4th Annual iPhone Photography Awards 2011
This book is available for download with iBooks on your Mac or iOS device. Multi-touch books can be read with iBooks on your Mac or iOS device. Books with interactive features may work best on an iOS device. iBooks on your Mac requires OS X 10.9 or later.
4th Annual iPhone Photography Awards Winners - 2011
iPhone Photography Awards (IPPA) is the first and the longest running iPhone photography competition since 2007. IPPA has been celebrating the creativity of the iPhone users since the first iPhone has inspired, excited and engaged the users worldwide. Since then every year, IPPA has selected the best shots among thousands of images submitted by iPhone photographers from more than 15 countries around the world. Winners are selected by juries in several steps and The Photographer of the Year prize awarded.
Great iPhone Photography
Art and its Many Devices
If you’ve ever lingered over an image framed on your iPhone screen to coax out a different angle of light, or found yourself reaching for your iPhone to capture an image just because it struck you, you’re likely to find both validation and inspiration in this artfully designed book.
Simple in its execution and powerful in its purpose, this book showcases noteworthy images submitted by photographers using only an iPhone as a camera. Competition rules don’t allow Photoshop or other desktop image processing but does allow iPhone-installed photo apps like CameraBag.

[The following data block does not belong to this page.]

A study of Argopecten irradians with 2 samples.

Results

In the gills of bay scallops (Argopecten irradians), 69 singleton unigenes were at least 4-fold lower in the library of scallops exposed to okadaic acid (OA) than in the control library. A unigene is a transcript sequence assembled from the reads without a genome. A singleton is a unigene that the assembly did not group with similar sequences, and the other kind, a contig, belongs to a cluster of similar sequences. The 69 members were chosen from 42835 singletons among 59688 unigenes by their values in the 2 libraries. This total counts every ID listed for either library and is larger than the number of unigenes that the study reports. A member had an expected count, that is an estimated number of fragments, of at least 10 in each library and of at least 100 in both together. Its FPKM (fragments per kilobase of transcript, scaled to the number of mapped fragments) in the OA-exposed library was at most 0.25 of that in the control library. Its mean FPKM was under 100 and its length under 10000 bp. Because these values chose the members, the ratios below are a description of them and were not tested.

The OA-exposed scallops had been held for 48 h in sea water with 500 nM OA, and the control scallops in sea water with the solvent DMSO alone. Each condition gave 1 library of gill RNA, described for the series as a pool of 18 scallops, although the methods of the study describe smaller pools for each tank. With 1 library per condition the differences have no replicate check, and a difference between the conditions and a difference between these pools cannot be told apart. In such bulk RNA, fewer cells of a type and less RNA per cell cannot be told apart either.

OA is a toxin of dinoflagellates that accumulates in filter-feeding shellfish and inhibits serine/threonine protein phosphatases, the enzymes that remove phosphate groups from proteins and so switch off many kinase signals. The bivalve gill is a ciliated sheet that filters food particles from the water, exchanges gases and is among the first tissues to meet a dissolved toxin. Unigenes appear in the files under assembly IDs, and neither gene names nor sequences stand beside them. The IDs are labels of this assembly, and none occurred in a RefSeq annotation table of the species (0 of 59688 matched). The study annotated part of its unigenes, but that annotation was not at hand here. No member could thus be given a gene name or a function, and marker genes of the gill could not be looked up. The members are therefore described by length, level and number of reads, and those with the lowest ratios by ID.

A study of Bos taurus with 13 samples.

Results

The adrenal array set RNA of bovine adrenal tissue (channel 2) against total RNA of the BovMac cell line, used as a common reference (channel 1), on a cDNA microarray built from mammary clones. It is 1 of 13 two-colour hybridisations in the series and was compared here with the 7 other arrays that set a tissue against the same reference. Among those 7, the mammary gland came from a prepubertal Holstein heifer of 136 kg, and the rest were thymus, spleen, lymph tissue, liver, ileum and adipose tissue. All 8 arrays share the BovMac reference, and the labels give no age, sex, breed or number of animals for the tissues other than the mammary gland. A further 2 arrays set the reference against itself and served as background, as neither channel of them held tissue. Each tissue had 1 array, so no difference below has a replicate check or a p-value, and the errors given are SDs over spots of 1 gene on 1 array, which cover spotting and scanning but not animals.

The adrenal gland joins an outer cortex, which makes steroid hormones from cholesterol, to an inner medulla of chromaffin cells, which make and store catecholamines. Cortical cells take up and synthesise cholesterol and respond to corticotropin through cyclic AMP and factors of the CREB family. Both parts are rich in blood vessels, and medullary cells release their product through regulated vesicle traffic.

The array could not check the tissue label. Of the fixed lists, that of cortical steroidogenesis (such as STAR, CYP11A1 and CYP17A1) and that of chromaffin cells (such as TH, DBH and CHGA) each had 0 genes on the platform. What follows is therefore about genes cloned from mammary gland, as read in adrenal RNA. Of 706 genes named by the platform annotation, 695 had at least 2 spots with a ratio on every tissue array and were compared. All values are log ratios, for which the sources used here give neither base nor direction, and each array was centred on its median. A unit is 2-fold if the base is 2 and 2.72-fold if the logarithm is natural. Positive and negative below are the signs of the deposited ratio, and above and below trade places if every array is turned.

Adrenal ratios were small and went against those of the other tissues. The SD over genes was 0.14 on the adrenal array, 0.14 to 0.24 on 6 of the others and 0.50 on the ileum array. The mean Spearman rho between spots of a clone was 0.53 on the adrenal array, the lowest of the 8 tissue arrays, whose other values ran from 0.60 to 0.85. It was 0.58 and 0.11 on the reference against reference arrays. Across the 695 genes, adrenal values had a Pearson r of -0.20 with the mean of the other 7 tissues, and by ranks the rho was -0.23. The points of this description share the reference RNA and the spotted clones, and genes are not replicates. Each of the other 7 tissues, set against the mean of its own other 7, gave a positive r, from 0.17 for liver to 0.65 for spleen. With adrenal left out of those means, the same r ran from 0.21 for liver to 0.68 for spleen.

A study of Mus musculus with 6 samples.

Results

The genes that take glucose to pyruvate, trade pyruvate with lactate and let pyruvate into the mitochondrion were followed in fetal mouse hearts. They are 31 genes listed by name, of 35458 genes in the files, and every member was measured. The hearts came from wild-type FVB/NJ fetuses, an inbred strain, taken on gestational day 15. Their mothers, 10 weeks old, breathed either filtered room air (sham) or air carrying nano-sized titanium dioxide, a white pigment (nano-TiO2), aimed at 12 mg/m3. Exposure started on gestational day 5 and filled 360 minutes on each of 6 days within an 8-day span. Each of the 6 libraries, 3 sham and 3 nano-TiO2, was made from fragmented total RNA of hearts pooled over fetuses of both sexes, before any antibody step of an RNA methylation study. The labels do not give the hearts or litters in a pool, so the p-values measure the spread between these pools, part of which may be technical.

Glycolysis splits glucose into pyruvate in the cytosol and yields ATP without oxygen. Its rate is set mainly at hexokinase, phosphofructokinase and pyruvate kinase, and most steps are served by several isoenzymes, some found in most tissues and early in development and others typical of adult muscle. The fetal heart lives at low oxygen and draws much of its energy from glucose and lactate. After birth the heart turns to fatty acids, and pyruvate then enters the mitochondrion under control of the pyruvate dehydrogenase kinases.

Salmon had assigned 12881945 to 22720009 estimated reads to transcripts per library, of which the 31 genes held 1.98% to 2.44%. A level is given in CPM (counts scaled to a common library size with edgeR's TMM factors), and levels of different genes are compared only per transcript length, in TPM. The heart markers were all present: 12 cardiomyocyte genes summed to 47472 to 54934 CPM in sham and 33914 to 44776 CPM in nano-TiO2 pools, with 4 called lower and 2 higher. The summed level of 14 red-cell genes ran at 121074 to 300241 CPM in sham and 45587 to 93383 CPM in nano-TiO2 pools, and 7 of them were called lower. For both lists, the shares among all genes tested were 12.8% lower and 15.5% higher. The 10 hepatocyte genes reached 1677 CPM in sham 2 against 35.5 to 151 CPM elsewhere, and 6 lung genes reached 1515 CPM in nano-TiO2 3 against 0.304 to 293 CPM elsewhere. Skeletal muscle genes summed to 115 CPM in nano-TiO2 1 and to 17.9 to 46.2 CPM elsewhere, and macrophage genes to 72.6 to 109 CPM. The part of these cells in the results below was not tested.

The images cover a broad range of categories, including everything from flowers and sunsets to lifestyle and social commentary. Photographs of flowers and sunsets have never quickened my heart, but I have to admit to being stopped in mid-screen swipe by one or two eye-catching examples.
The IPPA Awards series of books is also a nice preview for anyone interested in the Mobile Photography movement.
Beyond a photographer’s name, no other content accompanies the images. The lack of even minimal biography heightens the expectation that images must ’speak for themselves' and the reader is free to judge for themselves. Of course, that’s just how it worked out for me. I’m pretty sure no bio or other info is ever submitted by the winners, a big argument for why it’s not really there.
But it suits the subject matter and the device and the result is a nice, clean user experience with nothing to distract from the purpose at hand.
Check out the Georgina Rojas photo of a small child, with a lime-green dinosaur appliquéd to his shirt, clearly being directed to hold a large (lime?) up against the bushy leaves of a one-dimensional potted ficus, or maybe it’s a lime tree, stenciled on the wall in solid green.
Whatever psychological damage was inflicted upon that child in the making of this photograph was totally worth it.